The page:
2021 Hyundai i30 N review: New Auto broadens hot hatch’s appeal


Hyundai’s breakout hot hatch won a massive amount of fans when it first launched, but a massive new addition makes it even more popular.

The Hyundai i30 N was crowned the 2018 New Corp Car of the Year, and a recent addition of an automatic transmission to the formerly manual-only proposition has given it wider appeal.

Here are five things you need to know about the i30 N auto.


When Hyundai’s excellent i30 N hot hatch launched back in 2018, the lack of an auto option was its only major shortcoming.

While the purists rejoiced, many punters baulked at the idea of having to constantly change gears on the daily commute.

Manuals are as rare as hen’s teeth these days, even on high-end supercars, as makers plump for dual-clutch autos that shift more quickly than the average driver.

Not convinced? Hyundai quotes a 0-100km/h time of 5.4 secs for the auto and 5.9 secs for the manual.

We drove both back to back and while the short-throw gearshift feels precise and slick, the auto is the pick.

There are shift paddles for those who crave extra control but left to its own devices, the auto is almost flawless.

In its most aggressive “N mode”, it will instinctively pick the right gear out of a corner, then blip the throttle to make sure you have enough revs on board for maximum thrust.

It’s surprisingly smooth tootling around town, too, displaying very little of the indecisiveness dual-clutch autos often display at low speeds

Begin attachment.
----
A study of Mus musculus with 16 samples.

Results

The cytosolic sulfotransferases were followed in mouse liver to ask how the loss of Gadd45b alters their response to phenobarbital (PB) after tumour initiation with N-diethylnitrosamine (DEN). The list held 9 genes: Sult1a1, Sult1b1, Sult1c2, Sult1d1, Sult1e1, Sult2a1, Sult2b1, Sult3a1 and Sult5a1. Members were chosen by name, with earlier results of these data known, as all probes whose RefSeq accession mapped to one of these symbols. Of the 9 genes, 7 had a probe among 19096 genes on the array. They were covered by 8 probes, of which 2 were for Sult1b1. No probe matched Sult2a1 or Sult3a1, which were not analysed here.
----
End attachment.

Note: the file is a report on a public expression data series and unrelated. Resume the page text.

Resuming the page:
The original i30 N wasn’t short on power and torque, but Hyundai has eked another 4kW and 39Nm out of the 2.0-litre turbo, taking the outputs to 206kW and 392Nm.

That’s a lot of power to put through the front wheels, but trick electronics manage to tame any unnerving squirming while accelerating out of corners.

There’s still a little tugging on the steering wheel if you’re too enthusiastic with the throttle, but overall this is an easy car to drive quickly.

It sounds positively feral, too. The engineers have dialled up the aural drama with the new model and it crackles and spits at the slightest provocation.


There have been some subtle tweaks to the car’s suspension aimed at improving the compromise between control and comfort. It still feels firm around town, but it won’t put your spine out of place if you hit a pothole or two.

The front-end grip and turn in are exceptional, as is the balance when changing direction. The front brakes are bigger too, for improved stopping power.

On repeated runs up and down a snaking mountain pass, they showed no signs of giving up the ghost, providing a progressive and reassuring pedal feel. Precise steering adds to the enjoyment.


The previous model snuck in under $40,000 before on-roads, but the new starting price for the manual is $44,500. The auto adds another $3000.

It’s a hefty price rise that in part reflects Hyundai’s decision to add safety gear that was optional or not available on the predecessor.

For an extra $3000, the Premium model has heated Alcantara and leather seats, front parking sensors and rain-sensing wipers. A sunroof costs $1500.


Compared with the new Golf GTI, the i30 N feels a little old-school and down-market.

There’s no digital screen in front of the driver and not a lot of visual cues telling the driver this is a sports model.

The cloth seats are supportive and there’s a splash of blue stitching to go with the embossed N logos, but the door levers are plastic and the colour scheme is grey on grey.

It’s a case of swings and roundabouts – it’s a more potent weapon than the Golf through the corners, but not as polished and refined inside.